The 2014 Vermont Arts Awards Gala
A Warm Reception in the NEK
A friendly Northeast Kingdom audience clapped enthusiastically on the evening of Tuesday, October 7, as three Vermonters received accolades for individual accomplishment in the arts.
The Arts Council travels to a different region of the state each year to celebrate the cultural richness of the area. Thank you! to the St. Johnsbury Academy and the St. Johnsbury Athenaeum for welcoming the Council to town this year.
Ellen Bryant Voigt offered a poetic tribute to Galway. Her touching words spoke to the unique and central influence Kinnell’s body of work offers to living American poets. She read expertly from his first published book of poetry, “The Avenue Bearing the Initial of Christ into the New World” (Houghton Mifflin, 1974) and offered her own praise of all he has accomplished.
Governor Peter Shumlin then stepped to the podium and spoke about Kinnell’s life and achievements, and about the value of the arts in the creation of vibrant Vermont communities. Galway’s son, Fergus Kinnell, was there to accept the award from the Governor.
A seven minute video was prepared to honor the great poet.
Arts Council staffer Michele Bailey introduced Bess O’Brien, speaking of four characteristics that best describe Bess’ work: empathy, dialogue, healing, and education. Michele offered that “Bess has fostered many opportunities for learning and cross-cultural communication about some of the toughest issues facing Vermont…By raising awareness about difficult issues, and bringing them to the forefront, her work has the power to affect change and initiate healing.” As examples, Michele brought attention to a number of Bess’s films, including “Ask Us Who We Are,” ” Journey into Courage,” and “Here Today.” Bess’ acknowledgment of the Cerf Medal award turned focus to the many collaborators and community members who have participated and supported her work.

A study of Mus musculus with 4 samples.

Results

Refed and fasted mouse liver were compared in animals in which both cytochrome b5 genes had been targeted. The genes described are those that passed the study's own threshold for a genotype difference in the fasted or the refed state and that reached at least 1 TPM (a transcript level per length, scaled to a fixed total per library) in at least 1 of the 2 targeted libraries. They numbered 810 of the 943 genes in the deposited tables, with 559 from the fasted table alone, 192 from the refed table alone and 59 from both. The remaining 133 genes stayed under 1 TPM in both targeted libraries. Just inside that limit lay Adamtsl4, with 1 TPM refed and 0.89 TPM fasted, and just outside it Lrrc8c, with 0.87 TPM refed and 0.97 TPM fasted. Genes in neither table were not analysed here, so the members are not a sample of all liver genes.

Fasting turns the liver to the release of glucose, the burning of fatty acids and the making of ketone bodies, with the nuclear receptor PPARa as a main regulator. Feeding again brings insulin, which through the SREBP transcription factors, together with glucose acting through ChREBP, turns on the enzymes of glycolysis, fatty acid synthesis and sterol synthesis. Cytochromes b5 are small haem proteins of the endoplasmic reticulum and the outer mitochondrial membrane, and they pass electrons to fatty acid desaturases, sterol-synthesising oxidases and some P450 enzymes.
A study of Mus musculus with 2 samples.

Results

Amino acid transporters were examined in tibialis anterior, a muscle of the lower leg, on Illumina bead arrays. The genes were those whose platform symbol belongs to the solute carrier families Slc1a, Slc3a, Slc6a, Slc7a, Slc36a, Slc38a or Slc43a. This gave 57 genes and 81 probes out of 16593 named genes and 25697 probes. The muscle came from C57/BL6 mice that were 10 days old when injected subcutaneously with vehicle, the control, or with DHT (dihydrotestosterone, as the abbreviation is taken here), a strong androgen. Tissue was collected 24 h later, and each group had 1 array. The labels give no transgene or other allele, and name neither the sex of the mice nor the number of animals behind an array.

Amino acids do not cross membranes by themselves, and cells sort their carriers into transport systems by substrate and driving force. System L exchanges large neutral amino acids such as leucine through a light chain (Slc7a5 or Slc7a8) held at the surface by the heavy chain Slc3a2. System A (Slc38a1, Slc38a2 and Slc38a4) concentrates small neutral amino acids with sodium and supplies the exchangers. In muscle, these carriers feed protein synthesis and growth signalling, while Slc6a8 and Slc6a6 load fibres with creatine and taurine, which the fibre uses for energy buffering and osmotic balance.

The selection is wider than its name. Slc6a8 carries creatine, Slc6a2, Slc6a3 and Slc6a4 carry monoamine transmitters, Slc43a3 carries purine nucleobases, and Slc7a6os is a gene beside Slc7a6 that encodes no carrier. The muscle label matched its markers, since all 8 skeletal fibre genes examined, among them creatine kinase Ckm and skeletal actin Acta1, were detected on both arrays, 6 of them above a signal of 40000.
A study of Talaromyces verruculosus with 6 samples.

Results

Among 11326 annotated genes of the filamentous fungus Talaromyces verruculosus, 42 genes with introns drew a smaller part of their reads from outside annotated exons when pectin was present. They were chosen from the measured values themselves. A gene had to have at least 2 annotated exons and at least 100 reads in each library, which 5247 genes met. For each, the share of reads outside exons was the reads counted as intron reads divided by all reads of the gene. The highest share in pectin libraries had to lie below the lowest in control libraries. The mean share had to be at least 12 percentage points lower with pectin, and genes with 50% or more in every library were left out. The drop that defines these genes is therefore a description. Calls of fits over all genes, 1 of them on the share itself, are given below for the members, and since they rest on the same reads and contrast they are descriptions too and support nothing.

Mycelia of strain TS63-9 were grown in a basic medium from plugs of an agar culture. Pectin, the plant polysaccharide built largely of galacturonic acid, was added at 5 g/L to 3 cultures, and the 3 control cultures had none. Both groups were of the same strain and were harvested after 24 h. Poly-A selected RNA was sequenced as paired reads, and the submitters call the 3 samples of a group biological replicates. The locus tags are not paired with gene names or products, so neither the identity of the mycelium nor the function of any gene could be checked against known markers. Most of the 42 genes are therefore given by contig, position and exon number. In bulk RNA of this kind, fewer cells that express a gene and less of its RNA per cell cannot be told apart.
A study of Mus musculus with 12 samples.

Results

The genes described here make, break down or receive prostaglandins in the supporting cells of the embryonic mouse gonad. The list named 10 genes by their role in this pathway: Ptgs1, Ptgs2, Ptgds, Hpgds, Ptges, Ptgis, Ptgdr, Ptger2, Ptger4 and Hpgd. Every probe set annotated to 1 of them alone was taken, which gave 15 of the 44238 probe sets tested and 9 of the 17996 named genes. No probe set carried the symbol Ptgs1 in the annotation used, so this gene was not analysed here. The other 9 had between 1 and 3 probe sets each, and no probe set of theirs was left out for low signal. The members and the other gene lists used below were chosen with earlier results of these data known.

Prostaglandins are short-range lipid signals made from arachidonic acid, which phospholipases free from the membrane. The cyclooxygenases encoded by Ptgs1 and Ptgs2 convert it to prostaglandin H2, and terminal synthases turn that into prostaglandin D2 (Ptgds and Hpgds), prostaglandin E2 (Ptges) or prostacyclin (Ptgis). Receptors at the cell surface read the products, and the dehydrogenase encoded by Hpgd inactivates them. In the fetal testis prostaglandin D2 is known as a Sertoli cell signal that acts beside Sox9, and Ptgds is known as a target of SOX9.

Barbara Morrow, the immediate past chair of the Council, lauded Jody Fried’s spirited and inspiring work for the arts in the St. Johnsbury community saying, “Jody has collaboration in his bones. He is willing to take a risk to benefit not just Catamount, but the community. His leadership is inclusive and broadly welcoming.” Barbara also spoke specifically of Jody’s community-minded approach to his work, explaining, “Together with his board, he has created a community asset from the 20th century that fills out the jewels in our crown from the 19th century: The Athenaeum, the Fairbanks Museum, St J Academy….and Catamount Arts.”